The Japanese stock market has become a case study of central-bank manipulations, and of what happens eventually as reality cannot be eliminated forever.
On Thursday, the Nikkei, after a horrific 800-point or 6% dive on a staircase to hell, or to 12,416, whichever came first, recovered a few hundred points, then climbed back down that staircase and ended the day at 12,445, the lowest close since April 3, down 844 points for the day, the second largest swoon so far in 2013.
The largest swoon this year? May 23, a 1,460-point crash, or 9.2%, from its intraday peak (after a 300-point jump that morning) of 15,943 – the highest most euphoric point since December 2008. Now the Nikkei is down 21.9% from that peak, and in bear market territory. Both the Nikkei and the Topix dropped below the 100-day moving average during the day, which in itself triggered more selling, as these technical indicators, and the buy-sell behavior they engender, become self-fulfilling prophecies (for a while), not only on the way up, but also on the way down – their raison d’être; otherwise they’d be utterly useless.
It took the Nikkei 50 days – from April 3 to May 23 – to make it up that far, and just 20 days to come back down. Up by escalator, down by elevator (with ear-popping speed).
This is what happens when a stock market gets inflated by a central bank: promises of boundless money-printing attract the hot money that causes values to balloon to ridiculous highs in the shortest time. Then something happens, some silly event, the recognition that enough money has been made, a rumor that some big hedge fund is bailing out, a disappointing statement by the Bank of Japan, something... and some of the hot money suddenly has had enough, tries to take profits, tries to bail out, just when there are not many euphoric buyers left, and what you hear is a giant hissing sound. And what you get is capital destruction and wealth transfer.
Thank goodness, for the Bank of Japan, there is nothing like a good stock-market crash to prop up the otherwise wilting market for Japanese Government bonds. They’ve been an awful investment recently: the 10-year JGB has been yielding below 1% even though the BOJ promised to create 2% inflation. The official plan is to hand JGB buyers a loss on an inflation-adjusted basis. So investors have been bailing out of JGBs while the BOJ has been gobbling them up through its massive bond-buying program. Yields have been jumping up and down in the most tumultuous manner, rising for the 10-year JGB from the freaky 0.315% low of April 5 to briefly kissing 1% on May 2, and panicky bondholders have been pulling out their hair along the way.
Since then, JGBs have “stabilized” somewhat, with yields retreating below 0.9%. But during yesterday’s stock market massacre, these despicable JGBs suddenly seemed like a pretty good deal again, given the choice between losing money fast in stocks and losing money more slowly in JGBs. In response, yields on the 10-year JGB briefly plunged from 0.88% to 0.80%, only to rise back to 0.86%.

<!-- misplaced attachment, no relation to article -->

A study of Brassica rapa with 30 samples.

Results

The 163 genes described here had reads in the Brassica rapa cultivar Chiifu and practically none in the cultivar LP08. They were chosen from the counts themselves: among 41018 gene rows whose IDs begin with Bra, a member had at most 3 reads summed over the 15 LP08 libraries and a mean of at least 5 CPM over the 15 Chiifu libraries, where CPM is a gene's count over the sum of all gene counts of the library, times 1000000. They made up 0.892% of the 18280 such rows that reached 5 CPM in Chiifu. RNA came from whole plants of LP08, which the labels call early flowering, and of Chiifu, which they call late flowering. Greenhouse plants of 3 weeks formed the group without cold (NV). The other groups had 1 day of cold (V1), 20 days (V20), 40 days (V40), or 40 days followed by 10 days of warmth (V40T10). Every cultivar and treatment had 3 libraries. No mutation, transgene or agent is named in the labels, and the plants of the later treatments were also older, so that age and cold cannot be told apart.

In support of its machinations, the BOJ has stated repeatedly and explicitly that it is trying to inflate the stock market to create the "wealth effect" – that ephemeral and treacherous impetus for people to spend money they see on a computer screen but haven’t realized yet and haven’t paid their taxes on yet. But on average, they actually can’t spend the money they see on that screen because they’d have to sell to do so, and pull their money out of the market. It would cause a crash. And annihilate that beautiful wealth effect.
Instead, central banks use the wealth effect to lure consumers with a vision of wealth so that they’d spend their savings, or spend with their credit cards. And then, when the market does crash, consumers are left holding the bag: the vision of wealth has dematerialized, their savings have been decimated, and credit card bills have piled up. An insidious central bank strategy.
But that’s secondary for the BOJ. Its primary concern is the enormous government bond market – and the banks, retirement funds, and other institutions that own a big portion of these crappy bonds. They're the lifeblood of the Japanese economy. And when push comes to shove, the BOJ lets stocks plunge in order to support bonds – as it has done on numerous occasions.
It’s hard to blame the BOJ. There are no more good options available for Japan. The economy has become physically dependent on out-of-control government deficit spending – with half of the spending being borrowed money! The debt, now over 200% of GDP, is so huge and growing so rapidly that reasonable solutions no longer apply. But reality cannot be pushed out forever. Someone eventually MUST pay for it all: the bondholders, the taxpayers, or all Japanese (via run-away inflation).
The one thing we know from Abenomics, and from the policies of all prior governments: they’ll try to push the day of reckoning out as far as possible, hopefully beyond their time in politics, and hopefully with enough warning to allow the elite to protect itself from the fallout. The BOJ’s job is to make that possible.
Abenomics has its detractors – in peculiar places – and Prime Minister Shinzo Abe must be experiencing some interesting pillow talk. His wife has attacked one of the major components of his economic policies, the formerly omnipotent nuclear power industry that he is trying to restore to its former glory.